THE ANSON NORTHUP’S
MAIDEN VOYAGE TO FORT GARRY
by George Siamandas
On May 19, 1859 the Anson Northup became the first steamboat to successfully launch on the Red River reaching Fort Garry on June 10. It arose out of a sense of opportunity that St Paul Minnesota businessmen saw in the Red River district and the Canadian North West. They were encouraged by the Hudson Bay company’s interest in pursuing this American route over their traditional Hudson Bay route. In January 1859 the St Paul Chamber of Commerce offered $1,000 to whoever could put the first riverboat on the Red and get it to Fort Garry. When the prize was raised to $2,000 Captain Anson Northup took on the challenge.
RIVER TRANSPORTATION ON THE RED
For centuries the aboriginals had used the rivers for transportation and so did the fur traders. Prior to this north south route most traffic had been through Hudson Bay. But by the 1840s well developed cart trails were active between red River and St Paul. By 1856 half the goods reaching Red River came through St Paul. Brigades of Red River carts were bringing up machinery for a textile mill and agricultural equipment like reapers and mowers. The emerging system of the railroad, the steamship and then the red river cart proved more efficient than the HBC’s Hudson Bay route. Even the HBC saw these benefits and began to be supportive of this north south route. The challenge was out to replace the red river cart with steamboats on the Red as they had been active on the Mississippi since the 1820s.
WHERE DID THE ANSON NORTHUP COME FROM?
It was actually comprised of parts of an earlier boat called the North Star that had been dismantled the previous winter at Crow Wing on the Mississippi. Thirty men worked with 13 yokes of oxen and 17 teams of horses to drag the machinery and fresh lumber the 150 mile distance over the winter’s snows. It was reassembled at LaFayette on the mouth the Sheyene River on the Red and renamed the Anson Northup and launched on May 19, 1859 just as the flood waters were receding. It was 90 feet long and had a beam of 20 feet. It was powered by a one hundred horsepower engine. It was modest example of a riverboat looking much like a house boat with a smoke stack and the paddle wheel on the stern. Only on the second level was there room for a deck. The entire first deck went for the storage of wood, much of which was cut as the boat travelled north along the river.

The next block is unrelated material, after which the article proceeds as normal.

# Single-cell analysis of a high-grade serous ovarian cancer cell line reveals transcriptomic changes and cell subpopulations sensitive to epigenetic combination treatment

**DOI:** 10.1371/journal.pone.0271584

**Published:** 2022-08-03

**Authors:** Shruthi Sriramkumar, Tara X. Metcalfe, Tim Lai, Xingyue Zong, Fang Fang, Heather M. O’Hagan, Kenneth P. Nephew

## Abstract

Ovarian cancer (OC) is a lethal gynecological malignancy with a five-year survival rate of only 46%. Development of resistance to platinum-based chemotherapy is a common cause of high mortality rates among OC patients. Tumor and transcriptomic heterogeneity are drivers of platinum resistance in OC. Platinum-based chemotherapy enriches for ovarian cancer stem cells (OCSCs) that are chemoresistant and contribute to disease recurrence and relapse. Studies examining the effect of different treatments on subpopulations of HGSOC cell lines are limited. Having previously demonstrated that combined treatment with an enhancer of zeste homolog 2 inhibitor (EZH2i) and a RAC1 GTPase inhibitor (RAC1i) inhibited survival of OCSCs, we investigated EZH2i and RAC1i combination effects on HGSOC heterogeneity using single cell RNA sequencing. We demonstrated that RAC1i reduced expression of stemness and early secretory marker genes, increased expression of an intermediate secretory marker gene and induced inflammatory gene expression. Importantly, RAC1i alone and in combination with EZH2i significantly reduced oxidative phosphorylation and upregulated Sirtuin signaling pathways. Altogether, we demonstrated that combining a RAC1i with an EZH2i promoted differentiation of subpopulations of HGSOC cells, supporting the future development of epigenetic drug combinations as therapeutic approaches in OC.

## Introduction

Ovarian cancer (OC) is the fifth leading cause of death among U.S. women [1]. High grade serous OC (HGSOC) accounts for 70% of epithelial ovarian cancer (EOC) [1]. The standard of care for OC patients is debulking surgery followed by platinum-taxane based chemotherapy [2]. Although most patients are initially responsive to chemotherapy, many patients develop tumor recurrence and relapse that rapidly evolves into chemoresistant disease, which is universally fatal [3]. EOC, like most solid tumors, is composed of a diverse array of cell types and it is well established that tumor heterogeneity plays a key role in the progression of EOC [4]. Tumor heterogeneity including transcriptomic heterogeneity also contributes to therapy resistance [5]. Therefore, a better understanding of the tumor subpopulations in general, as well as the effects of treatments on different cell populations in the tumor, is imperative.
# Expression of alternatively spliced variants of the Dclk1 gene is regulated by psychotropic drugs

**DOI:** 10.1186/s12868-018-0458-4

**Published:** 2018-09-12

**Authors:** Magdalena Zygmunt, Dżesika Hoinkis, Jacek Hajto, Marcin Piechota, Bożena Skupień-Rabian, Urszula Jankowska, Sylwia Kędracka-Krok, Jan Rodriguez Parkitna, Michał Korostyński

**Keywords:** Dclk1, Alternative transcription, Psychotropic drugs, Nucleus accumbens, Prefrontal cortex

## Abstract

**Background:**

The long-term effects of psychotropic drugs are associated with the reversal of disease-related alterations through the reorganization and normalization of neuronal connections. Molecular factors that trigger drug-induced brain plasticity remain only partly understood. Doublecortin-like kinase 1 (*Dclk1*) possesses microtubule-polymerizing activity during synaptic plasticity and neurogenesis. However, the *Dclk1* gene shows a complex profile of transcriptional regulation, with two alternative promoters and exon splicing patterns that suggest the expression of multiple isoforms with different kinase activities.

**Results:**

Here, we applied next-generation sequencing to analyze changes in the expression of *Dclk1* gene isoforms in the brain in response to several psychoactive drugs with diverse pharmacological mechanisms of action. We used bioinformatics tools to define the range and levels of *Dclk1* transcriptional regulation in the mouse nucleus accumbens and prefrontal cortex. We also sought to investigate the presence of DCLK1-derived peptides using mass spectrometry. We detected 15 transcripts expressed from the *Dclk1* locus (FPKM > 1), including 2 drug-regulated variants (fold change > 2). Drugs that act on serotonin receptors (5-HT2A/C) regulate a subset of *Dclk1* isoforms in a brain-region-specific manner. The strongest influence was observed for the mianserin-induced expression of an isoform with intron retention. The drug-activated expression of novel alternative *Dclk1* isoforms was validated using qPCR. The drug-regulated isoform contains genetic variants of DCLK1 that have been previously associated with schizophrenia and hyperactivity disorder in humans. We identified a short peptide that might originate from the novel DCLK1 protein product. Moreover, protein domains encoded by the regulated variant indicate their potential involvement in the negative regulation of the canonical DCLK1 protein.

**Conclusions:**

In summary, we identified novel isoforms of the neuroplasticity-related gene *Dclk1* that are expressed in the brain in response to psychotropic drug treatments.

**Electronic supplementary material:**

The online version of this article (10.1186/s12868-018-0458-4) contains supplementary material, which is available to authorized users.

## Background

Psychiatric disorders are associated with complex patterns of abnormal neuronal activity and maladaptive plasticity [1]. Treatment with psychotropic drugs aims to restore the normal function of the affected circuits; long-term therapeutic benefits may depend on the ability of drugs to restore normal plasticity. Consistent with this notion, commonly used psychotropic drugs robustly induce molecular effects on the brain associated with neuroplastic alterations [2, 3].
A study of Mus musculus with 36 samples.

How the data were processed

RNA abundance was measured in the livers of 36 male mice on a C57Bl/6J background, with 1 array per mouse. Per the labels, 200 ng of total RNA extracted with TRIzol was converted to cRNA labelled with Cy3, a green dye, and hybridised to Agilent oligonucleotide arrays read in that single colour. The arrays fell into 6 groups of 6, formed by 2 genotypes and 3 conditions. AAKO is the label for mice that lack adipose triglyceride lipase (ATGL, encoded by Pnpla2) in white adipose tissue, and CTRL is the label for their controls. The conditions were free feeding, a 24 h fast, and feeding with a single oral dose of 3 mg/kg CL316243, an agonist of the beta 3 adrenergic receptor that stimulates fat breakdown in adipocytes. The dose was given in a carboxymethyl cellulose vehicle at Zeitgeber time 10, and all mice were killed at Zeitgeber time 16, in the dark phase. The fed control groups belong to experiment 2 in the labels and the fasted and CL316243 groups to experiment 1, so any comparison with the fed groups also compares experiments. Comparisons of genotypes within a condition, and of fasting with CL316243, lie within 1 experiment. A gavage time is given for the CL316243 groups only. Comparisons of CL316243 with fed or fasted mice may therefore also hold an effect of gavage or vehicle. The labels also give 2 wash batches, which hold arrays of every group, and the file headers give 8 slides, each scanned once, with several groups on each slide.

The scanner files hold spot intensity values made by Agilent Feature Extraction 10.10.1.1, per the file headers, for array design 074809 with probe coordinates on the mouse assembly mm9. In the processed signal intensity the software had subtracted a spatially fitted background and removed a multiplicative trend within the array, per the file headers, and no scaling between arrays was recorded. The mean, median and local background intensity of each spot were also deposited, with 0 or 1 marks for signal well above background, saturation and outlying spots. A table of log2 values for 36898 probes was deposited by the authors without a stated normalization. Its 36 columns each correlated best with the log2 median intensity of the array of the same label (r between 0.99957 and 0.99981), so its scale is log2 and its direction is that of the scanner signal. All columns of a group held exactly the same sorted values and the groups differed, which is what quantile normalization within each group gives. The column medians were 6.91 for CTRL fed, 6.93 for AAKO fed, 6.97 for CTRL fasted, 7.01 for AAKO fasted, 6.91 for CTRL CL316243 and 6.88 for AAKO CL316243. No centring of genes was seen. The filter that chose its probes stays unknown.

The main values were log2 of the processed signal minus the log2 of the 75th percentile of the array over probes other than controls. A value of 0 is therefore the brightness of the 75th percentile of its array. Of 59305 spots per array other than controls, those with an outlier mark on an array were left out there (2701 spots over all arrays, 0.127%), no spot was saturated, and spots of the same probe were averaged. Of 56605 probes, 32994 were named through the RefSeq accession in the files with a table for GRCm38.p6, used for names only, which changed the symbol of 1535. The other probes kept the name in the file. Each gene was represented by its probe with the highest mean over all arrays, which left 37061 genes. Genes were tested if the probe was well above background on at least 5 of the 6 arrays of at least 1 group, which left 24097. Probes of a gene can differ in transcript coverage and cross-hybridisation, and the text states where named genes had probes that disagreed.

WHAT WAS THAT TRIP LIKE?
It was truly a voyage of enterprise, and the ship was not lacking in enterprising individuals who wanted to get in on the ground floor of what would later become a boom town. Among the group of first arrivals was the man noted for having begun the corner of Portage and Main and that was Henry McKenny. McKenny went on to introduce lumbering in the 1870s.
HOW SIGNIFICANT WAS THE RIVER TRAVEL THAT BEGAN ON THE RED?
It had its ups and owns. The Red is a shallow river with many bends. The 1860s the first decade of operation were noted as very low river levels making it a challenge to make it to Fort Garry. Along with problems with the Indians in 1861 and 1862 this early venture had its growing pains. Through the 1870s steamships proliferated. Many immigrants came to Winnipeg in that decade. But the competition and coming of the railroad meant the end of these ships. By the end of the 1870s a period of less than 20 years, the steamboat era on the Red was over. Ironically a steamship brought the first locomotive to St Boniface in 1878.
After refurbishment in Nettley Creek the ship was sold to Burbanks and then to Hudson Bay Co in 1861. Unfortunately it sank that year at Cooks Creek just as winter was coming on. Parts were salvaged and its engine is thought to have gone on to power a flour mill at St Francois Xavier.